St. Joseph's Oratory
St. Joseph's Oratory was built in 1927. It was inspired by a Roman structure, the Tempietto of Bramante at St. Pietro in Montorio, where Pamphilus da Magliano, the founding president of St. Bonaventure University died. According to tradition, it is also the place where St. Peter was martyred. The idea for building the oratory is credited to Mother Immaculata, co-founder of the Missionary Sisters of the Immaculate Conception, or Poor Clares, a convent which used to exist on the Bonaventure campus. Mother Immaculata's design was refined by Buffalo architect Chester Oakley.
The Oratory was actually a gift of Thomas Flynn, of Olean, to the Missionary Poor Clares of the Immaculate Conception. He donated the money in memory of his wife Catherine.
The structure is built in the Lombardic, or Early Christian Byzantine, style, of 12th century northern Italy. It features irregular, handmade red brick, and uses polychrome and unglazed terra cotta for ornamental and structural work, and roof tiles.
The outside of the structure is decorated with Corinthian columns, and heavy double oak doors. Above the door is a tableau of terra cotta, showing St. Joseph surrounded by four angels. Originally an antique bell hung to the right of the doors which was rung twice each day at 3:00 PM and 9:00 PM, to remind students to pray for the dead. It is a six sided structure with two windows on either side of the doors.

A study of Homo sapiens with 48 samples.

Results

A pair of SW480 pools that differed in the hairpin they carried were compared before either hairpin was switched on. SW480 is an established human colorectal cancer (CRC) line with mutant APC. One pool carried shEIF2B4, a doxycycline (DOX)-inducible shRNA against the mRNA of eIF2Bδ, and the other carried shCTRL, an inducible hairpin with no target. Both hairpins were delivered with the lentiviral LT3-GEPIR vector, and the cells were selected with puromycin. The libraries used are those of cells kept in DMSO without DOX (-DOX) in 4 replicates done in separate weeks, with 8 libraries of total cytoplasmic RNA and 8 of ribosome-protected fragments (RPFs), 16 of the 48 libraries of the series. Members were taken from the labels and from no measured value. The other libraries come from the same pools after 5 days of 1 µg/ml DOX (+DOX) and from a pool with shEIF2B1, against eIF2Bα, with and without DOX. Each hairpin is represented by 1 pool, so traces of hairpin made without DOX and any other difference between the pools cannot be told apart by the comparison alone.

The chapel was used regularly when the seminary and the convent still existed on this campus, but since their time has passed the chapel has seen less use over the years.
Originally, the Oratory contained a life sized statue of St. Joseph. However when the Sisters moved their home from St. Bonaventure to Patterson, New Jersey in the 1960's, they took the statue with them. Soon after that, the statue was replaced with a smaller, wooden one.
In 2003, Werner Shuster, a 91 year old retired cabinet maker, created and donated an altar for the Oratory. It is a twelve sided, wooden altar with carvings which recall the twelve apostles and the twelve tribes of Israel. To go with the new altar, St. Bonaventure officials asked Joseph Questa, the school's head carpenter, to build benches for the Oratory. The benches are in a circular pattern around the inside of the structure with the altar in the middle.
Fr. Thomas Plassmann, OFM, born on the Feast of St. Joseph, was particularly devoted to the saint. He wrote, "One wintry morning when nobody was around, I put on my surplice, and armed with Holy Water, I blessed the site of St. Joseph's Shrine, asking this kindly Saint to accept the office of builder and architect of the new St. Bonaventure's. So far he has done a good job."
Herald Weekender 9 November 1974: 2.
Kinney, Kathleen. "St. Josephs Oratory Withstands 60 Years of University History." The Bona Venture 2 October 1987.
"Handcrafted Alter Dedicated at St. Josephs Oratory." Inside Bona's 18 September 2003.